The 20th century brought more change to Castlemaine and its region. While mining was still significant, other industries were established. The Woollen Mill opened in 1875 and lasted till 2013 as Victoria carpets.
Thompson’s foundry, now Flowserve was established a year later than the Woollen Mill. There was a brewery and an abattoir (KR manufacturing) which still operates. Agriculture has become significant with orchards, vineyards and market gardens in the district.
As throughout the world, the World Wars changed society significantly. The horrors of the wars are readily recognised, but particularly WW1 accelerated social change through increased social mobility and population movement. When men are moved halfway around the world and women leave home and farm work for industry, there had to be change. The people of Castlemaine could move to other cities: other people would move to Castlemaine and its district. This was the process which generated the Castlemaine background which so many people will find in their family history.
The late 20thcentury saw some industries succeed, while others faltered. The decline of manufacturing was severe in regional areas but Castlemaine has again reinvented itself. The development of faster trains mean some residents can work effectively in Melbourne while enjoying a tree change. Local tourism has also developed with the development of a café culture and arts community. A Hot Rod ‘street rodding’ community also thrives, filling the streets, especially on weekends with heritage vehicles.
The Castlemaine Art Museum was established by a committee of passionate local people in order to showcase Australian Art. Many notable Australian Artists including Fred McCubbin, Tom Roberts Rupert Bunny and A M E Bale who donated works, grateful for recognition in their own country. Notable among the committee were the Leviny sisters, daughters of Hungarian Silversmith Ernst Leviny who made their home at ‘Buda’ in Castlemaine a house which is open to the public and showcases the work of Leviny and his talented children. The strong Arts tradition has continued in Castlemaine including the biennial State Festival which showcases Arts of all kinds.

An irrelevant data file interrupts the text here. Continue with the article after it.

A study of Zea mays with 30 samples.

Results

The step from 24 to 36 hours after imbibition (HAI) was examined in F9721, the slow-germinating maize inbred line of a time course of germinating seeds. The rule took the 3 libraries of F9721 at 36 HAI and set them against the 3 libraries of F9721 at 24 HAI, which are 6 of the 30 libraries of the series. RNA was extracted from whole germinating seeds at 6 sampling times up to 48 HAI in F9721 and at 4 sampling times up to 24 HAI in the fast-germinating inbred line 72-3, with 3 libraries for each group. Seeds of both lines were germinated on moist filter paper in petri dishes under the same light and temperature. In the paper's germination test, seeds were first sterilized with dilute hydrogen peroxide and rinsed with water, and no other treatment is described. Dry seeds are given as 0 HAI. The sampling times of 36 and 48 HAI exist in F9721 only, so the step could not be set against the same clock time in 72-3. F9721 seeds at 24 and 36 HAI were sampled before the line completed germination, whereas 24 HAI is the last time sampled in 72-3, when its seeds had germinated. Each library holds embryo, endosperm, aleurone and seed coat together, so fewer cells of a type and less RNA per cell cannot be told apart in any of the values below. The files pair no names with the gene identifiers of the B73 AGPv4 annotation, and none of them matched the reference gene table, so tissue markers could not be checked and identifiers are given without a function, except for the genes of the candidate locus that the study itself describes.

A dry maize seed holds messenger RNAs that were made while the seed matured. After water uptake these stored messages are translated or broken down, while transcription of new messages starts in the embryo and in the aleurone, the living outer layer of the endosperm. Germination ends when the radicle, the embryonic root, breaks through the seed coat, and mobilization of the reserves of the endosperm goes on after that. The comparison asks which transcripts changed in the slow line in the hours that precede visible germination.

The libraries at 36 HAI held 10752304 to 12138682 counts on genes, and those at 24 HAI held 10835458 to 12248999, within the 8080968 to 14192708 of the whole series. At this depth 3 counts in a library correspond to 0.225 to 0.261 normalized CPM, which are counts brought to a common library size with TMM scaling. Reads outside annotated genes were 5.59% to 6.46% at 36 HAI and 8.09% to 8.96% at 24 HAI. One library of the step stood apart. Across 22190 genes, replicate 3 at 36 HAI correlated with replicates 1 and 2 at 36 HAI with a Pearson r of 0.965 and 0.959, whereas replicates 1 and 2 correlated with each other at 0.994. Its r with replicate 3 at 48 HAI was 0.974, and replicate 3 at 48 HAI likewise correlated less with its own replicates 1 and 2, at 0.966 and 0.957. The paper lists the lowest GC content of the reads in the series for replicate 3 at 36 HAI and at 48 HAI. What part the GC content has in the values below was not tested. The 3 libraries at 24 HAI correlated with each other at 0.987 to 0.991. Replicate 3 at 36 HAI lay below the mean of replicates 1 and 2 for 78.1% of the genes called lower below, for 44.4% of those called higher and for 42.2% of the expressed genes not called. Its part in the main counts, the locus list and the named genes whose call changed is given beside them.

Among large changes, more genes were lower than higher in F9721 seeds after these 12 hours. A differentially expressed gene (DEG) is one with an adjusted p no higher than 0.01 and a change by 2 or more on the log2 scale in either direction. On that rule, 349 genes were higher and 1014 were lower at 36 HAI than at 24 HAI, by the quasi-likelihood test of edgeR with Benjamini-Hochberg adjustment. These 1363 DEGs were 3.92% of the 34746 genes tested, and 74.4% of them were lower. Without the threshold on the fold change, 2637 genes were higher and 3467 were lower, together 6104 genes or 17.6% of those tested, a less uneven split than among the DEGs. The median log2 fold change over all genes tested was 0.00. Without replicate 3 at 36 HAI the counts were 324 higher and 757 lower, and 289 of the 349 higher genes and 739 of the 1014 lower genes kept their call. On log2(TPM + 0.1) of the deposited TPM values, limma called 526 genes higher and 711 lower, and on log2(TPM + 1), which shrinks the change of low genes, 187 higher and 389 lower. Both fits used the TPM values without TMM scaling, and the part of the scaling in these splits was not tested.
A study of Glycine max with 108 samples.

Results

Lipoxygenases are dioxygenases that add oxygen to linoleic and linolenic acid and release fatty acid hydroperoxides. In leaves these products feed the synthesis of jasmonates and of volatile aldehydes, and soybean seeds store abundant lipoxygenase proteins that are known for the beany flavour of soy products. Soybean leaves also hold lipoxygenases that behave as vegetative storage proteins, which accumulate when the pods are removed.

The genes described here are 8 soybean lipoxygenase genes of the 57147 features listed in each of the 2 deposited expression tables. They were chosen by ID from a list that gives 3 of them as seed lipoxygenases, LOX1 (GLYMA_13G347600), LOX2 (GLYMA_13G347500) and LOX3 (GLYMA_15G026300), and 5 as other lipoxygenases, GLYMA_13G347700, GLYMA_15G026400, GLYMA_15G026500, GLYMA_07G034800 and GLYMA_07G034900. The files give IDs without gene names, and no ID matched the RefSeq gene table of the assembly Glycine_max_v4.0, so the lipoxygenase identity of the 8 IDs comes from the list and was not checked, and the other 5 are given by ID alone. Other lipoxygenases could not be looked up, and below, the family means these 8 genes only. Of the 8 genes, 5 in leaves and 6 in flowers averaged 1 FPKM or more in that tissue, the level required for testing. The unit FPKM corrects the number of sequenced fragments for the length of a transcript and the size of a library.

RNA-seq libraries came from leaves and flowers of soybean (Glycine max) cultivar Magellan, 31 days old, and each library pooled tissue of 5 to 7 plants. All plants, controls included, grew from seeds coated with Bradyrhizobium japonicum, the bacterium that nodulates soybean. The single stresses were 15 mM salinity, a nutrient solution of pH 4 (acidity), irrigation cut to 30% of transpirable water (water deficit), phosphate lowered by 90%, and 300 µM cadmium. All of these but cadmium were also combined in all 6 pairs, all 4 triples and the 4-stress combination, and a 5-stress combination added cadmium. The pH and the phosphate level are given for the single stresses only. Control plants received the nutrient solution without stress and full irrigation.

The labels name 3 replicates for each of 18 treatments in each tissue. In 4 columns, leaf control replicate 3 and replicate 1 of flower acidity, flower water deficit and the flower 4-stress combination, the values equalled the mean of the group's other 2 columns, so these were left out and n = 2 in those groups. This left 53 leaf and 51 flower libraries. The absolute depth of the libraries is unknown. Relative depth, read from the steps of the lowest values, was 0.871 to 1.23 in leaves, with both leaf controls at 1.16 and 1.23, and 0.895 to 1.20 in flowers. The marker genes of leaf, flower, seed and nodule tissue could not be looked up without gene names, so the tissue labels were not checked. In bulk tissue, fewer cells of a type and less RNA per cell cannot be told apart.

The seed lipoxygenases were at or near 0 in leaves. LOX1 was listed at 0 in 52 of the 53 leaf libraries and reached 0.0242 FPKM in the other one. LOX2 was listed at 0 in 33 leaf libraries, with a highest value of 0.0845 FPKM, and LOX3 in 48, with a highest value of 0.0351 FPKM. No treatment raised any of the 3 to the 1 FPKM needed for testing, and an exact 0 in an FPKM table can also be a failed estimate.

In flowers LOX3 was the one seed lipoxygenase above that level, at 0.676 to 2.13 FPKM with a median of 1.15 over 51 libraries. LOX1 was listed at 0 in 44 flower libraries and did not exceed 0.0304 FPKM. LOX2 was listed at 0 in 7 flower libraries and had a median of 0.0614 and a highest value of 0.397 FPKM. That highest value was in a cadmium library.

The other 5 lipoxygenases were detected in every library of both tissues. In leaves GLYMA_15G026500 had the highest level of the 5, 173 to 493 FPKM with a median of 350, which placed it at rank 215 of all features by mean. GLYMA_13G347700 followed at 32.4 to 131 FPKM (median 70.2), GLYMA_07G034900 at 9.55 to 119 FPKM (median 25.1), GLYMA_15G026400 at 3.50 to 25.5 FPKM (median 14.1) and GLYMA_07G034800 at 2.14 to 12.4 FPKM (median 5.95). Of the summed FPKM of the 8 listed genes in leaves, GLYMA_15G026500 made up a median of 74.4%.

Ernst Leviny, a Hungarian silversmith and jeweller, arrived at the diggings in 1853 with expensive but unfortunately inappropriate equipment. He turned his attention successfully back to his business ventures and with his wealth he bought a house, which he renamed Buda. It became the family home and it remained in the family for over a century. With his wealth he was able to encourage his daughters into art and they used the home as a centre for their arts and crafts work.
The history of Castlemaine and its district has touched many people in its development from traditional lands, through scattered farming settlements and the surge of the gold discovery. The social movements driving the people to establish a small regional city reflect the wider pressures in Australian society. The changes brought by pastoralists and then gold mining determined the history in the 19th century while the changes brought by industry and social movements (Friendly societies, prohibition and women’s rights) introduced Castlemaine to the 20th century. The world’s next mark on Castlemaine was World War 1. The Australian story is told in microcosm in Castlemaine.